There are several benefits to taking a multivitamin. These supplements provide essential nutrients your body needs. Though you can get most of these nutrients from the foods you eat, some conditions can prevent your body from properly absorbing them. For example, your skin may lose the ability to build Vitamin D when you age. Vitamin D deficiency is common in seniors and has been linked to age-related health conditions like cognitive decline, bone loss, and depression.


The key question in the multivitamin debate and dementia is whether these supplements can help reduce cognitive decline. Researchers are currently pursuing randomized, placebo-controlled (high-quality) trials to determine the effect of multivitamin supplements on older adults. A new study published in Alzheimer's & Dementia describes the effect of cocoa extract and a daily multivitamin on cognitive performance in adults 65 and older. According to the research team from Wake Forest University, whereas cocoa extract didn't appear to have any statistically significant impact on people's cognition, the multivitamin seemed to give people a slight cognitive boost compared to the placebo. The effect was stronger in participants with a history of cardiovascular disease. Although the results are potentially meaningful, there's no reason to rush to buy over-the-counter multivitamins. The experts still discuss possible mistakes and limitations of the study design. They are also interested in whether the findings are reproducible. If another study group can confirm that finding, it will make them more reliable. Additional studies using blood biomarkers and brain imaging to examine these supplements' effects would also be beneficial. Until the results are conclusive, the experts are not recommending the general use of multivitamin supplements for preventing cognitive decline.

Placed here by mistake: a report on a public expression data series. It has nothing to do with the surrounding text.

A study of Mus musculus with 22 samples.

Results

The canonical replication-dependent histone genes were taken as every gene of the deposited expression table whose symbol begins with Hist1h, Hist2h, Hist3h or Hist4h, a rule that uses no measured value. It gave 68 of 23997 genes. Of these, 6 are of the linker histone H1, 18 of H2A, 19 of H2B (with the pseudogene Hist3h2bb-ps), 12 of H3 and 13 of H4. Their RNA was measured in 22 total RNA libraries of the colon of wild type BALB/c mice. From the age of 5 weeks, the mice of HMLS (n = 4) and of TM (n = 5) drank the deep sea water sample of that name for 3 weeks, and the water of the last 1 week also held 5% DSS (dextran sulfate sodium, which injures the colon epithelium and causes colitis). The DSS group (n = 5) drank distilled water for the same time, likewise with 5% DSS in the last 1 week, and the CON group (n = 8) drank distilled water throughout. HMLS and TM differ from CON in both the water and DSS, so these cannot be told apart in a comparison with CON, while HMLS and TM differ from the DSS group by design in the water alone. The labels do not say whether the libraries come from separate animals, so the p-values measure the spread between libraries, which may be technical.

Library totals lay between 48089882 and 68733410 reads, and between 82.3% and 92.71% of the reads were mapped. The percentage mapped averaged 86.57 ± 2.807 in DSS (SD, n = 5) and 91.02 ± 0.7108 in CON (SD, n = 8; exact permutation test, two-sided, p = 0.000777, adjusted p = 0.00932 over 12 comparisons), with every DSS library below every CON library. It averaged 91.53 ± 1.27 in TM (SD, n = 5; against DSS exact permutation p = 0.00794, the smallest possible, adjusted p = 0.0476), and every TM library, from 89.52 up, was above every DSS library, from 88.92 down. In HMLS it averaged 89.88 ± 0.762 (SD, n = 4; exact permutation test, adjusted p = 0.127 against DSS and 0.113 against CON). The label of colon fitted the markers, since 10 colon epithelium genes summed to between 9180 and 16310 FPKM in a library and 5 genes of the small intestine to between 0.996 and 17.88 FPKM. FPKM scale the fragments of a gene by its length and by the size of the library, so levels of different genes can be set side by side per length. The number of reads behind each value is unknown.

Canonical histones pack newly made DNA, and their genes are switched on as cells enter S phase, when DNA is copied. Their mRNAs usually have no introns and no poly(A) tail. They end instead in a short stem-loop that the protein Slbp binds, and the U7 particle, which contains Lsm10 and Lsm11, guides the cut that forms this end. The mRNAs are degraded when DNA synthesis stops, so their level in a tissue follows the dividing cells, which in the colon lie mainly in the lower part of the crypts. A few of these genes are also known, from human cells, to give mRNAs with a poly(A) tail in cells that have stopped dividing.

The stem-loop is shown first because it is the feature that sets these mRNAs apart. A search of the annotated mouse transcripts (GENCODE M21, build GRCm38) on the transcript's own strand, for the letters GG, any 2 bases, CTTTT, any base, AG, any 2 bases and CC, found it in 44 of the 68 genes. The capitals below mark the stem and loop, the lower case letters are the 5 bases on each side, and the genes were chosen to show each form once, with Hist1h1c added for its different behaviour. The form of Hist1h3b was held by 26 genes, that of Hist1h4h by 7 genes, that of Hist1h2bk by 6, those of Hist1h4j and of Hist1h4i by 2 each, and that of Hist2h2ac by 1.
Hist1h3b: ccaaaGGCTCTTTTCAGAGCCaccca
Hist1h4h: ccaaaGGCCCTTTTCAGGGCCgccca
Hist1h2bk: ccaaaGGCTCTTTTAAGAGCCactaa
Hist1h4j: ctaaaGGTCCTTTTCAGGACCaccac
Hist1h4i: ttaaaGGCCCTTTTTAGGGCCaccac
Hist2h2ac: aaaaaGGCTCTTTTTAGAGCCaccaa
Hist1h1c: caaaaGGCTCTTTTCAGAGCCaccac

Generally speaking, vitamins are essential to your health. They can protect cells from free radicals, which cause damage to organs and tissues. However, it is unclear whether taking vitamin supplements in pill form offers the same benefits as receiving them from a balanced and nutritious diet. Also, certain vitamins may be harmful when taken in high doses, and in a multivitamin product, you get all different vitamins, many of which you might not need at all. Supplements can be confusing. Vitamins are essential but can cause harm at the same time. For example, taking high doses of vitamin A supplements can cause liver damage. Vitamin K can make warfarin less effective. So, if you have cardiovascular disease or take warfarin for any other reason, talk to your doctor before taking a multivitamin supplement.


Thus, you might prefer to speak to your doctor before taking a multivitamin supplement.